Donald Trump

President Donald Trump arrives to speak at a campaign rally, Thursday, Aug. 15, 2019, in Manchester, N.H. (AP Photo/Patrick Semansky)

The inability of some Republicans to learn even the simplest of lessons baffles me at times. It’s how you get guys like Bill Kristol and George Will thinking we are going to suddenly revert back to the party of Mitt Romney after 2020. Ridiculous hopes like that are based on multi-faceted misunderstandings of the GOP electorate and just how  we got Donald Trump as president in the first place.

Take this hot take I’ve been seeing. Here’s an example of it, although Erick is far from the only person to share this sentiment lately.

And that’s how you got Trump.

Think about the misreading going on here by whatever Republicans are being cited, and you can rest assured there are plenty of them in the Senate.

What really happened in 2016? We saw a supposed “stacked” field of candidates for the nomination, yet a loud mouthed, brash anti-establishment figure took the gold. That wasn’t by accident. It wasn’t because Morning Joe gave him free air time. It wasn’t because Ted Cruz and Marco Rubio split the vote (polling consistently showed Trump beating either one head to head). Those are excuses you hear from people who want to continue not admitting the failures of the Republican party going back decades.

The wars in Afghanistan and Iraq took their toll and probably were one of the biggest factors in the anti-establishment backlash. But there were other things that stuck in voters’ minds. Bush refusing to defend himself from the onslaught of media destruction played a role. John McCain collapsing into apology over simply using Barack Obama’s middle name and then throwing Sarah Palin under the bus (even though she was obviously a positive for his failing campaign at the time). It continued in 2012 with things like Romney standing there stupefied after a debate moderator lied to embarrass him and his inability to fight back at all from the avalanche of gotchas following his call out of Russia to Obama. Even after 2012, there was a distinct impression that Republicans were only willing to put up a fight in the minority.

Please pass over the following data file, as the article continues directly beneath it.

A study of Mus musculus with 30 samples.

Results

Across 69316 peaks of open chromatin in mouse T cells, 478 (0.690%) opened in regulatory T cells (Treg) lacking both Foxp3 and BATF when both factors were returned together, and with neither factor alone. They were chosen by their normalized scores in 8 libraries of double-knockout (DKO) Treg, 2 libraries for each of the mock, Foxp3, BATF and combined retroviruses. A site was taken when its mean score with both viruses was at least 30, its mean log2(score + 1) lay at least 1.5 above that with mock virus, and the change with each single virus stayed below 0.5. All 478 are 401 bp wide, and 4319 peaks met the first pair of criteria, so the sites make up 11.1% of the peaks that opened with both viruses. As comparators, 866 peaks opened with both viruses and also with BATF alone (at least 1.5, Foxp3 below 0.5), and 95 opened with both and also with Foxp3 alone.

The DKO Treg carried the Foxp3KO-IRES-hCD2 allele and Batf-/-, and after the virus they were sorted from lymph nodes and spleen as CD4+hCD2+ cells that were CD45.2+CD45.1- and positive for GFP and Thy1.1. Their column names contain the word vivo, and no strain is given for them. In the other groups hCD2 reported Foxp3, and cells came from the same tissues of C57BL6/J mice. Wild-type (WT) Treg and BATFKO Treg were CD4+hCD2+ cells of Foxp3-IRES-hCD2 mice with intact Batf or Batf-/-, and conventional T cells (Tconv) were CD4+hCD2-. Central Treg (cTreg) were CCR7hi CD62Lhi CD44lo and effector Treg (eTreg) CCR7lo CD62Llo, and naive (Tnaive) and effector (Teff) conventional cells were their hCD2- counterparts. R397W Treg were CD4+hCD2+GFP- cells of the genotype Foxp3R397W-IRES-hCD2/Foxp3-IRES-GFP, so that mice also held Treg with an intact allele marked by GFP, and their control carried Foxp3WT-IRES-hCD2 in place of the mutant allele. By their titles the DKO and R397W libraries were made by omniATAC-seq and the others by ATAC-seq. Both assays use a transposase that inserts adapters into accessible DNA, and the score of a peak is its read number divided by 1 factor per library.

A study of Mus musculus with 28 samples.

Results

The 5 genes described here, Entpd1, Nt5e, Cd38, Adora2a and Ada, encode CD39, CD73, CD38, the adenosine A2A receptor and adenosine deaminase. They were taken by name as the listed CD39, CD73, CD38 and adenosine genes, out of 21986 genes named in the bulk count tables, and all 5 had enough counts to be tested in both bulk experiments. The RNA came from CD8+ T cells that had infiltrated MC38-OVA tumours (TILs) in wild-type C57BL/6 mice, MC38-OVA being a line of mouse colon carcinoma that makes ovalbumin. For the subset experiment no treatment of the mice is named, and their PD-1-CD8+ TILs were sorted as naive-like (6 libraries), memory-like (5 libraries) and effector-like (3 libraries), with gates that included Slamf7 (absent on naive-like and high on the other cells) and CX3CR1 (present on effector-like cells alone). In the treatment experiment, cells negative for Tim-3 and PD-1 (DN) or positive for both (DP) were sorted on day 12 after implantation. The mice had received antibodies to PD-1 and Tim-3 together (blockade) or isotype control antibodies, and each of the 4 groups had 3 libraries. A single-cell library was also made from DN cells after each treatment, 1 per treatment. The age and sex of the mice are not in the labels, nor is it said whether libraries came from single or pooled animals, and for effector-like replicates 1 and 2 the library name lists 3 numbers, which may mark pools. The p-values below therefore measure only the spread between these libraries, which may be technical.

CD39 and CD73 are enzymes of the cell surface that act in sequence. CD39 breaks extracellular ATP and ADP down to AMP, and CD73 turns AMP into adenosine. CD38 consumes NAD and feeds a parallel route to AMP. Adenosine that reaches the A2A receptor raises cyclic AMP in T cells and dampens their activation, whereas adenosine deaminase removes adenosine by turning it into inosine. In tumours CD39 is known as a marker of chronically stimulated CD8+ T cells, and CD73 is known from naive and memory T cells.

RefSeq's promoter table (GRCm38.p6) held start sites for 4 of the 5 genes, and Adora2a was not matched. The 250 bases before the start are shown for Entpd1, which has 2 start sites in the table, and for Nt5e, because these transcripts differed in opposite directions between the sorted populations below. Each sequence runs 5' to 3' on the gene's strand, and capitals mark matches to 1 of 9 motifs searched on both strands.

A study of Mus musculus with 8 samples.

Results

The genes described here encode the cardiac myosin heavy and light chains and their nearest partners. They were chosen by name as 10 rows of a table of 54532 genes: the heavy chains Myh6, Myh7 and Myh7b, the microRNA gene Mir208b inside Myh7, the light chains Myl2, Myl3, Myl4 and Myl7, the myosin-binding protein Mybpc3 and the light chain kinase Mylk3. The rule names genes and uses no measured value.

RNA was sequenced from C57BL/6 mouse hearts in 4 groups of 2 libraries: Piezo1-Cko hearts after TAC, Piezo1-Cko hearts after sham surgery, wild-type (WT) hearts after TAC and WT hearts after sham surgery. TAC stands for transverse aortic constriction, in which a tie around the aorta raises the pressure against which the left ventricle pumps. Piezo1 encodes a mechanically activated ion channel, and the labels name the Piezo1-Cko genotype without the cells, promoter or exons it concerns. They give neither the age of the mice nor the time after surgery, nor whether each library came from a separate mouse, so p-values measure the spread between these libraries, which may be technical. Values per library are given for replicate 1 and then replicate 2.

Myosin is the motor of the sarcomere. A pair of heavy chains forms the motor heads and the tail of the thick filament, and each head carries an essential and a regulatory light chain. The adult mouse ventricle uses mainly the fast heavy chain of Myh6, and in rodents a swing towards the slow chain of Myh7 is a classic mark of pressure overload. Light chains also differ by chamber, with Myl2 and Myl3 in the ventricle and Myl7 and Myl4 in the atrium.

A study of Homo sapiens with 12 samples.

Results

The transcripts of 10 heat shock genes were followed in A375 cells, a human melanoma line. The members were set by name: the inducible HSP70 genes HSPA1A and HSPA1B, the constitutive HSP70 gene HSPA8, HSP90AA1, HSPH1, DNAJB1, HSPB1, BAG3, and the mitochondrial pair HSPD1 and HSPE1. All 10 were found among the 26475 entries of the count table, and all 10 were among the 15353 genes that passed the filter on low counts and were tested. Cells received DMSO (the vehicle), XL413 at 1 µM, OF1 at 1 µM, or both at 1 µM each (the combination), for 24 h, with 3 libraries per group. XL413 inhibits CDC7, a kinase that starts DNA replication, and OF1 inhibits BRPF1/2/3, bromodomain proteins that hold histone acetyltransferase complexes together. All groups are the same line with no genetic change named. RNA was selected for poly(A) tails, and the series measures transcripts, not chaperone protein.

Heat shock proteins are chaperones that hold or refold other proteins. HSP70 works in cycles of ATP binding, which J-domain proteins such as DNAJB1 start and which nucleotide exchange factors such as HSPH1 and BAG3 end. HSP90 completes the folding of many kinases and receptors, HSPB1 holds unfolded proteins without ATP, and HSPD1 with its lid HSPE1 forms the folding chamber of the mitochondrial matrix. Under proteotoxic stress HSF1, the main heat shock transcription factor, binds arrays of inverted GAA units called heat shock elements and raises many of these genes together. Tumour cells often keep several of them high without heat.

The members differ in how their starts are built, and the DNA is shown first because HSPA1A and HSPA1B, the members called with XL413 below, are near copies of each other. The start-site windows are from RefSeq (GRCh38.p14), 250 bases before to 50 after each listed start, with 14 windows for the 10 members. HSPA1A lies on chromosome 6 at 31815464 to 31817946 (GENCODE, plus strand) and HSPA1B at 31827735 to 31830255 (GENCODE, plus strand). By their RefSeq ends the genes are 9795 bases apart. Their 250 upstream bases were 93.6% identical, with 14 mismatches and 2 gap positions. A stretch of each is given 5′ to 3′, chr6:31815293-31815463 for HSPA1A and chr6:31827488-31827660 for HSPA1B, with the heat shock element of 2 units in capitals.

But look, it’s not just personality or strategic issues. It’s policy as well. The inability to do anything to secure the border was a major schism that still exists today, with the same conservative talking heads insisting that unfettered illegal immigration isn’t a big issue. We had two terms of George W. Bush and accomplished nearly nothing for conservatism.

Now, I’m sure some are reading the above points and they’ve got their list handy to rebut some of this but who cares? Perception among the voters is reality and the perception is that Republicans are weak.

So how does being “tired” of defending Trump do anything but reinforce that perception? And what kind of delusion must one suffer from to think it would all stop if Trump is gone?

Currently, we are fighting an almost wholly ginned up scandal, where Trump did nothing illegal and arguably nothing improper. I’ve got no problem with a president speaking candidly with a foreign leader about looking into possible corruption. But in the era of Trump, everyone wants to change the rules. See the latest nonsensical freak out over Trump simply asking Australia to cooperate with Barr’s ongoing investigation.

If it wasn’t Trump, it’d be Pence or it’d be Cruz. It’d be whoever was the Republican President at the time. Bush had articles of impeachment pressed against him and was called Hilter non-stop, and that was while he was being completely submissive to the media and not pushing back at all. They aren’t going stop just because Trump is gone and if Republicans quit on him based on what we have so far in this “impeachment inquiry,” they will simply get more of Trump, whether it’s Trump himself or the next person to channel his energy.

I’d end with this message to those Republicans in Washington – Grow a spine. You have a kush job making good money and notoriety. All you have to do is be willing to not fold in the face of adversity and voters will reward you. You aren’t having to go out and dig ditches or work a cash register. You aren’t living paycheck to paycheck. Your life simply isn’t that hard. Enough of the complaining and whining about having to actually defend your ideology and party. It’s ridiculous, and if you aren’t up to the task, go find something else to do.